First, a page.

Chef Chang Sheng (Peter) Ye’s passion for food has taken him on a culinary and hospitality adventure to Vietnam. Thirty-seven-year-old Ye – who grew up in Gqeberha – became interested in food when watching television shows such as Hell’s Kitchen and chose to train in hospitality before making the life-changing decision to study the culinary arts part-time instead.
“I already had a Diploma in Hospitality Management and was an intern at Radisson Blu when my passion for cooking really came to the fore,” says Ye. “I realised it was what I wanted to do with my life and that it would give me greater opportunities so I asked the Radisson if they would sponsor me to study part time at Capsicum Culinary Studio. Thankfully they agreed and I graduated in 2011 with a Diploma in Food Preparation and Cooking from the school’s Nelson Bay campus.
“It was the best decision I could have made. Capsicum solidified my culinary knowledge and gave me the theoretical knowledge I was missing,” he says.
After graduating, Ye moved to Johannesburg and worked at establishments such as Emperors Palace, the InterContinental OR Tambo and Hilton Sandton hotel. He eagerly put his skills to the test and entered competitions such as the Unilever Chef of the Year, placing in the Top 5 in Africa, Middle East and the Indian Ocean. Then came the opportunity to work abroad and in 2016 Ye became the Executive Chef for the five-star Mia Resort Nha Trang in Vietnam and continued to climb the culinary and hospitality ladder.
This year, as resort manager, he opened a new property – The Anam Mui Ne, a luxury resort that ticks all the boxes for international travellers. It is part of the Small Luxury Hotels of the World, the only hotel in Vietnam to be included in this high-end, boutique hotel group. The Hotel Journal describes The Anam as “a tranquil home-away-from-home with some of the best service we’ve ever encountered.”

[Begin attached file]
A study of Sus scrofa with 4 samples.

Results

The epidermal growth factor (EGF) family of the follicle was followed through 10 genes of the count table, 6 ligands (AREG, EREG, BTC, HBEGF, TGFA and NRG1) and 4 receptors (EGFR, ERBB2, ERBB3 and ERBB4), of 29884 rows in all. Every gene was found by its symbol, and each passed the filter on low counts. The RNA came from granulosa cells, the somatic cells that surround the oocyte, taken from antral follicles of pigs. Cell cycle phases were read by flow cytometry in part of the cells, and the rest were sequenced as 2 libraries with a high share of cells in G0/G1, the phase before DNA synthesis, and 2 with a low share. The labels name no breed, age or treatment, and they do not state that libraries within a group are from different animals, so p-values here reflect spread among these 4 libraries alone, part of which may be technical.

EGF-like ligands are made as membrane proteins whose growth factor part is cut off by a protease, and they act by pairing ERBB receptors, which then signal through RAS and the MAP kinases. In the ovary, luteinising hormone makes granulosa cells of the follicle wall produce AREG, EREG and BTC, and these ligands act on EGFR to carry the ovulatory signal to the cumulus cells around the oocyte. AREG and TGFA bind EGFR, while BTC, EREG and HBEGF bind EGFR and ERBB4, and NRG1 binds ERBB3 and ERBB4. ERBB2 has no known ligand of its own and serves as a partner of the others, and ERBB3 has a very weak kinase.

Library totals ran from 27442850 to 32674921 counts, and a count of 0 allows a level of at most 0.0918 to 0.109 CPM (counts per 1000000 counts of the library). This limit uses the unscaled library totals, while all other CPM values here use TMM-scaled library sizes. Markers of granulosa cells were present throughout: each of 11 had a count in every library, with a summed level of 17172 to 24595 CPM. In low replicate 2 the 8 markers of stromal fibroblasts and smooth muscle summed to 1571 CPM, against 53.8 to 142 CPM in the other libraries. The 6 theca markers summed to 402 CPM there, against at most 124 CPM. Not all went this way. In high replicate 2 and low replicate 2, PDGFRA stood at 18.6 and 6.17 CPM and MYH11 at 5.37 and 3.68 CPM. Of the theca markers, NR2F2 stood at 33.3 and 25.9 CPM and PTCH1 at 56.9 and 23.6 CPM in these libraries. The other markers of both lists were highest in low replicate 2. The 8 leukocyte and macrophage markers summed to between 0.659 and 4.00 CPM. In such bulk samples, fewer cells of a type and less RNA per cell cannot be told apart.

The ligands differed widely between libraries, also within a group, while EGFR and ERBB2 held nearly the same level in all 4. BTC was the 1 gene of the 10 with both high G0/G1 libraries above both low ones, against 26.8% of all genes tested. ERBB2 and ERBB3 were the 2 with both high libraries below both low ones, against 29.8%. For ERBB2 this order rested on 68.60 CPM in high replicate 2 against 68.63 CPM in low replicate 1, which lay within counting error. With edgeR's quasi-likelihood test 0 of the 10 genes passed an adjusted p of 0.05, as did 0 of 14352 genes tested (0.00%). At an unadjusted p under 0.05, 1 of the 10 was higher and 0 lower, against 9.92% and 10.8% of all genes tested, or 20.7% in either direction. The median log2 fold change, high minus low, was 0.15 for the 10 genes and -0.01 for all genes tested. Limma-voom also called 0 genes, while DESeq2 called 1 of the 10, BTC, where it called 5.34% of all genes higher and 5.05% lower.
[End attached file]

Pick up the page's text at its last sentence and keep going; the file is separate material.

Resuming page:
Ye says his food idols are Marco Pierre White, Gordon Ramsay and many other Top Chef contestants and his dream is to one day open his own small, but trendy restaurant, offering a fusion of East meets West dishes.
His advice to those wanting to work in the hospitality and culinary industries?
“You reap what your sow. Whatever effort you put in, is what you will get out. Be prepared for long hours, forgetting to eat lunch or even going to the bathroom. Public holidays and weekends are non-existent. You are only as strong as your team. Put in extra time before or after your actual shift to be ahead of you colleagues and help in different sections. All this will benefit you at the end.”
With a few minutes of our interview remaining before Ye had to dash back to the kitchen, we threw a few fun, quick fire questions his way:
Name five things always in your fridge or pantry:
Sparkling water, wine, eggs, mushrooms and kimchi.
What would be your last meal?
Lobster ravioli with lots of shaved white truffle.
Is there anything you do not eat?
I’m allergic to kiwi fruit.
If you had to cook dinner for five famous people, who would they be and what would you make them?
Ariana Grande, Elon Musk, Gordon Ramsay, His Holiness the Dalai Lama and South Korean singer-songwriter Lee Ji-eun. I would make a spit roast because it is easy to prepare and I would have more time to converse with them; it also creates a more relaxing atmosphere.
Favourite celebrity cook?
What are three latest food trends?
Local seasonal, organic and sustainable.
What chefs do you admire most and why?
I admire chefs that start as stewarding/pot washers because they know where they come from and where they want to go. They are usually persistent and ambitious in what they want.
How do you rate the South African hospitality industry?
The South African hospitality has a lot of opportunities; we have a diverse culture that shows the uniqueness of our heritage and South African friendliness.